Re: Napster: thoughts and comments?

Date: Tue Jul 11 2000 - 12:03:53 MDT

Emlyn writes:
> I'm afraid you'll have to spell it out for me, I'm suffering from a pathetic
> lack of imagination. If my entire audience has the idea that they need never
> (and should never) pay to listen, and reality maps onto this by way of
> pirated material which is incredibly easy to access (easier than the
> paid-for stuff), then how do I get paid?

One proposal turns art from a product into a service. That is, you pay
the artist for his time, not for each copy of the output. An artist
would agree to release a new artwork only when enough people had pledged
to pay for it. Once it was released, it would be freely available.
He might release a partial or low-quality version ahead of time to show
people what the final product would be like.

Now there are obvious problems with this, and I will mention one or two.
However, the important thing to keep in mind is, this is not intended to
maintain the status quo. It may turn out that not as many artists (or
programmers) get paid as much as they get paid today. We don't know the
shape of the future, but obviously things will be different, and this may
be an area where things change. If it seems that this system will cause
less art to be produced, we know that supply and demand will drive the
price of the artist's labor upward. The net result is hard to predict.

The first objection is the "free rider" problem. Why should anyone
pledge if they know they can get the work for free once others have
pledged enough? The reason is because if everyone thinks this way, they
won't get any art. So sooner or later people will break down and pledge.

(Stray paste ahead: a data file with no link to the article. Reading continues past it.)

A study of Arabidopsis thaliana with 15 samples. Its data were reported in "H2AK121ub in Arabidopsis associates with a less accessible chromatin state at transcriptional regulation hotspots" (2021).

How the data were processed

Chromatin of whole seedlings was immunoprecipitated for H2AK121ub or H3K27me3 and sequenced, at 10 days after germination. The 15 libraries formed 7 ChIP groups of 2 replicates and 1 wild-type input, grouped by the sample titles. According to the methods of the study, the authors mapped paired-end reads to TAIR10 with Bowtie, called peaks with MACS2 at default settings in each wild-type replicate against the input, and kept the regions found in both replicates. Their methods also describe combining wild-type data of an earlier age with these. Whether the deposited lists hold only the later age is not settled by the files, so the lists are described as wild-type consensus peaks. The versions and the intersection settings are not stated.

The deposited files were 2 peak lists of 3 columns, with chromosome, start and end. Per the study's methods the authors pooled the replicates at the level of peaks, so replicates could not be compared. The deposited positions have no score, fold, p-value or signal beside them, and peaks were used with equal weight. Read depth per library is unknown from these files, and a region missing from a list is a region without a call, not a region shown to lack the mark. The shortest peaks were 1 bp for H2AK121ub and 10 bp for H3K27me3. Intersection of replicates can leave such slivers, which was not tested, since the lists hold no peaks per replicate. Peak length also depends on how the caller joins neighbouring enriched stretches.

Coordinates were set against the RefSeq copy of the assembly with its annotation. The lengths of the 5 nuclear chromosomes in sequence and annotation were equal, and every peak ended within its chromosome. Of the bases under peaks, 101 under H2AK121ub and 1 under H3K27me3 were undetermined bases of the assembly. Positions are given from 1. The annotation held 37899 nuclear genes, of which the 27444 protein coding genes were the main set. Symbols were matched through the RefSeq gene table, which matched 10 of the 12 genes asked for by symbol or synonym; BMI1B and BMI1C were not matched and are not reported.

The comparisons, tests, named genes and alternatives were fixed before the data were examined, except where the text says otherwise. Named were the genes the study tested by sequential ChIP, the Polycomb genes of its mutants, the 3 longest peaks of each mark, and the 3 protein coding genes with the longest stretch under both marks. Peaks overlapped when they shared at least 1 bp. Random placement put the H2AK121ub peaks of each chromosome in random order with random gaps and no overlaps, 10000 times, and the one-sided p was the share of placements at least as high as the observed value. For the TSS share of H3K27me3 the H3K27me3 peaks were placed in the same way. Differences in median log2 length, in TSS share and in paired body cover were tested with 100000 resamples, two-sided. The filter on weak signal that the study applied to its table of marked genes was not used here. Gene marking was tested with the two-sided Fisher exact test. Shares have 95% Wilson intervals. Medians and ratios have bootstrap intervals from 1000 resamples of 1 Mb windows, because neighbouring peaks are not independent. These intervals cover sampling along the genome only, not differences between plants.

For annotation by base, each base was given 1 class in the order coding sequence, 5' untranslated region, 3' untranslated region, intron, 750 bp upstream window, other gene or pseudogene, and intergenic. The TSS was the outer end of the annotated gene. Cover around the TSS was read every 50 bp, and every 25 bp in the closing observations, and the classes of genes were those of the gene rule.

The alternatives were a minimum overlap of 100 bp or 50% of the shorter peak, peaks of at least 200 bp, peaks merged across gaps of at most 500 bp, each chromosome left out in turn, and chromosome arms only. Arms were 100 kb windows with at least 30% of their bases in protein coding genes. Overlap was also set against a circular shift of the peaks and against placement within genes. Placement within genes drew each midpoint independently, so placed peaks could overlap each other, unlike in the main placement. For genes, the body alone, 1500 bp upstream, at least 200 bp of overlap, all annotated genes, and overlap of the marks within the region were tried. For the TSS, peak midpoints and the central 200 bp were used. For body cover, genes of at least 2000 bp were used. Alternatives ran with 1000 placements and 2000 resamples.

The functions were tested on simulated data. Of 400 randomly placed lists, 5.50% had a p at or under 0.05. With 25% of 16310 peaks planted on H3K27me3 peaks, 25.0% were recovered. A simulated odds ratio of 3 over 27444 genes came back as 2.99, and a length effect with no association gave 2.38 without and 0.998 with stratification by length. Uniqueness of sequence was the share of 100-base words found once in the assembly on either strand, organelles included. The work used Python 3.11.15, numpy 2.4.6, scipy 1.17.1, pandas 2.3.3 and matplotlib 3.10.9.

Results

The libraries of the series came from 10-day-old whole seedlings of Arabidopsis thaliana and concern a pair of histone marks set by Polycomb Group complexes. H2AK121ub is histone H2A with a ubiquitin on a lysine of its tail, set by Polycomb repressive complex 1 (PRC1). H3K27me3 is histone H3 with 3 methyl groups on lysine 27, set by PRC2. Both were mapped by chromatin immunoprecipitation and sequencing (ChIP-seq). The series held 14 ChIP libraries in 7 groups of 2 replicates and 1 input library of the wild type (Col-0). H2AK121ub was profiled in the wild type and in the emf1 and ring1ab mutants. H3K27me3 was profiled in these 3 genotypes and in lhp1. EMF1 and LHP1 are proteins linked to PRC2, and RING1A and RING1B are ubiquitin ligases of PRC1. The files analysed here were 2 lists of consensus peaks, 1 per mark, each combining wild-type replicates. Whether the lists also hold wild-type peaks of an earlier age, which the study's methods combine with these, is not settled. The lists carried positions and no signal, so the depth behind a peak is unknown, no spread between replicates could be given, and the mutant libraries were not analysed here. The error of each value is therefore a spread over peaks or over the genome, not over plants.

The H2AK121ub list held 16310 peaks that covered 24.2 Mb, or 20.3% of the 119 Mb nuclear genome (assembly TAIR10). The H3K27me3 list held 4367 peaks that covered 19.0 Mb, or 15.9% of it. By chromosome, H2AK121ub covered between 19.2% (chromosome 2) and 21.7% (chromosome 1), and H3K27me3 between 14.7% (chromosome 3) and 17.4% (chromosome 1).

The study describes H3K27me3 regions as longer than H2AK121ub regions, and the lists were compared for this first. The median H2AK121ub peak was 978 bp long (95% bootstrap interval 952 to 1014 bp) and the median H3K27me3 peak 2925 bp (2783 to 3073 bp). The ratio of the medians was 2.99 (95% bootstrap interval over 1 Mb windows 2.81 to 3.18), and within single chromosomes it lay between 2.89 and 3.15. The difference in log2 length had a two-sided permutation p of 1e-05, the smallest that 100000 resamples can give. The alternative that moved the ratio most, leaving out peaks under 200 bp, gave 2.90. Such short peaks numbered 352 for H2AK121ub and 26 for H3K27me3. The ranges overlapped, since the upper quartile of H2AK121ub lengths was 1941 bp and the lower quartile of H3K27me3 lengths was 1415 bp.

People pay money now for PBS and other services they could get for free,
for exactly this reason.

The second objection is how new artists get started. Why should anyone
pay for the work of an untried artist? New artists would have to release
their works for free, initially. Novelists could publish the first half
of their novel freely, then demand payment to finish it. Musicians could
release some songs, then demand payment to make more. This is really
not all that different from the current system. Artists seldom make
much money right off the bat. They need to build up a reputation first.

Another problem is whether people could get advance payment on unpublished
works, as established artists can do today from their publishers. I would
think the same system could work in the future, with a middleman acquiring
the legal rights to the payment for the released work in exchange for
granting an advance fee. Another way to look at it is as an unsecured
loan, based on the reputation of the artist. The economics of such
advances wouldn't be all that different from today.

Horror author Stephen King has been proposing an experiment along these
lines, where he would offer a novel online if he got enough people to pay.
Then they would be free to share the novel with others. There is not much information
there now but it says to check back later in the week.